Why React is Better

Dominic Chambers bio photo By Dominic Chambers

I’m writing this very quick blog because I’ve had a few conversations recently where I’ve had to explain to people why React is not only better, but more or less the final story as far as JavaScript view libraries go; as final as anything really gets on the web anyway. And, in 2015, when all the thought leaders have adopted React, it’s surprising that you still often encounter scepticism when you say this, and we still see articles like this:

So, although I don’t really have the time to make this a full article where I justify all my points, I’d just like to get these points down, and they can be like a conversation starter or research starters for anyone that does happen to read this.

Okay, here goes:

  • It allows the entire view to be rendered declaratively, avoiding all the observers, and the complex stateful update code you usually have to deal with.
  • It doesn’t allow the view to have any awareness of the model since all data is pushed in as props, allowing views to be re-used with different sources of data, and tested without a real back-end, with no need for mocking or IoC mechanisms.
  • It allows granular re-use since views are composed of components, and you are free to re-use only the components you’re interested in.
  • It co-locates the tags and the code, removing a potential source of bugs and further reducing cognitive load.
  • It allows uni-controller models (like Flux, Cerebral and Redux) that allow all actions to be dispatched to a single point, creating a single direction of flow through the code.
  • It allows completely stateless, pure functional views, where the state can be held externally, so that views become trivial to reason about and test.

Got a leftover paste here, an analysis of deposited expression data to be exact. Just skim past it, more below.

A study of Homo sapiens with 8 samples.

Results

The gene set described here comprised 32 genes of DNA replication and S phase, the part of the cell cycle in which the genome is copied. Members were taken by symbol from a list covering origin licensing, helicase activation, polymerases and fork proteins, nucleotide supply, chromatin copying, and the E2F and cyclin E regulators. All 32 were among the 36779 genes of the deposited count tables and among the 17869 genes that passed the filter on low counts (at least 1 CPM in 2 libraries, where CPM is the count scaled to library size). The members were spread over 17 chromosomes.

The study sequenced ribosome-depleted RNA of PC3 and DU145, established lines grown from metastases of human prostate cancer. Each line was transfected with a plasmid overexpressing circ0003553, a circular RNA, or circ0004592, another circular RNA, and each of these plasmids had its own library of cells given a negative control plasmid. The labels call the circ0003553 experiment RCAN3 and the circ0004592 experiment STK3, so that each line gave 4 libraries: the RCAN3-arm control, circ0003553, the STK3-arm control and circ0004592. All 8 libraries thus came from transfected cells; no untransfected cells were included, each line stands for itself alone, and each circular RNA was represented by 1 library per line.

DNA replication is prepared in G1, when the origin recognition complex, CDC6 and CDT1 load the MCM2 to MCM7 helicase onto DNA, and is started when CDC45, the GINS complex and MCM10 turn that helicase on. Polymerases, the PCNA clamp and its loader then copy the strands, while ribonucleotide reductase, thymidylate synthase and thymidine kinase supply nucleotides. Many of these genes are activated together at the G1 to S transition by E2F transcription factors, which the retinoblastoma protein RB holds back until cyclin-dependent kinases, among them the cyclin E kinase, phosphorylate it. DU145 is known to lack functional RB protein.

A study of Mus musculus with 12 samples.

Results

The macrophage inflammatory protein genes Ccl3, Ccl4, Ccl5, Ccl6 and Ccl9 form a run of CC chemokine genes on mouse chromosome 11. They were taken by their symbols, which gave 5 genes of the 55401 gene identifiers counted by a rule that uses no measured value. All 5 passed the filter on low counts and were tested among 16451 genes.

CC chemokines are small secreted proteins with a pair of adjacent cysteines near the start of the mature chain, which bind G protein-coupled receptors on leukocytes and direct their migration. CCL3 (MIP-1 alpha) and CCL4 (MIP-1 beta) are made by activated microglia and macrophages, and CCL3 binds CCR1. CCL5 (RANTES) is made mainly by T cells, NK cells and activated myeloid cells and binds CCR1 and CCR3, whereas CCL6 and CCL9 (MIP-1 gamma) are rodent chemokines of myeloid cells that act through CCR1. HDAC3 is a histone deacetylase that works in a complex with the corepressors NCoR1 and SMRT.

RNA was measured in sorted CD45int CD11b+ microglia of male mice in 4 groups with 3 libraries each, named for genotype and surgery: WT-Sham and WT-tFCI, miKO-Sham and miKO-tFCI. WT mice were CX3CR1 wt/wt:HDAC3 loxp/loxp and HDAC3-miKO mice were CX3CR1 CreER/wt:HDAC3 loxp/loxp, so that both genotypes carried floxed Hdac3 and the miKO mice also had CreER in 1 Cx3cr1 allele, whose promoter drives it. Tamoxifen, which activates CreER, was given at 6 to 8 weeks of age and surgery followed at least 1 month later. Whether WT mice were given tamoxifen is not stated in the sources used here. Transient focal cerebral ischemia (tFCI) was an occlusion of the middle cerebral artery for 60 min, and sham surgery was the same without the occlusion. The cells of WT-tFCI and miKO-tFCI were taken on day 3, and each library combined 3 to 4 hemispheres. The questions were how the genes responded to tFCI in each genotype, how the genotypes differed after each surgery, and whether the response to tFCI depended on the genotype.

• When paired with something like Redux, which allows all state to be kept in one place as a single immutable state atom (aka a state-tree), and which allows the controller to be defined as set of pure functions that create an updated state given an earlier state and action to perform, the entire code-base becomes purely functional.

A magical thing happened when I created my first pure functional React app. Although the program wasn’t obviously quicker to create than with any other comparable technology, once it worked, it really just worked, and I didn’t subsequently find a single edge case bug. That’s never happened to me before except for quite small bits of code I’ve written. The significance of that experience wasn’t lost on me!

Then, yesterday, when somebody at work linked David Lubar’s humorous Program Development Cycle:

  1. Programmer produces code he believes is bug-free.
  2. Product is tested. 20 bugs are found.
  3. Programmer fixes 10 of the bugs and explains to the testing department that the other 10 aren’t really bugs.
  4. Testing department finds that five of the fixes didn’t work and discovers 15 new bugs.
  5. See 3.
  6. See 4.
  7. See 5.
  8. See 6.
  9. See 7.
  10. See 8.
  11. Due to marketing pressure and an extremely pre-mature product announcement based on over-optimistic programming schedule, the product is released.
  12. Users find 137 new bugs.
  13. Original programmer, having cashed his royalty check, is nowhere to be found.
  14. Newly-assembled programming team fixes almost all of the 137 bugs, but introduce 456 new ones.
  15. Original programmer sends underpaid testing department a postcard from Fiji. Entire testing department quits.
  16. Company is bought in a hostile takeover by competitor using profits from their latest release, which had 783 bugs.
  17. New CEO is brought in by board of directors. He hires programmer to redo program from scratch.
  18. Programmer produces code he believes is bug-free.
  19. See step 2

it immediately occurred to me that this was the perfect exemplum for why React is better. Because kids, pure functional programming significantly reduces the number of edge-case bugs you’ll find in production code, and that’s just the most compelling of many reasons why React is better.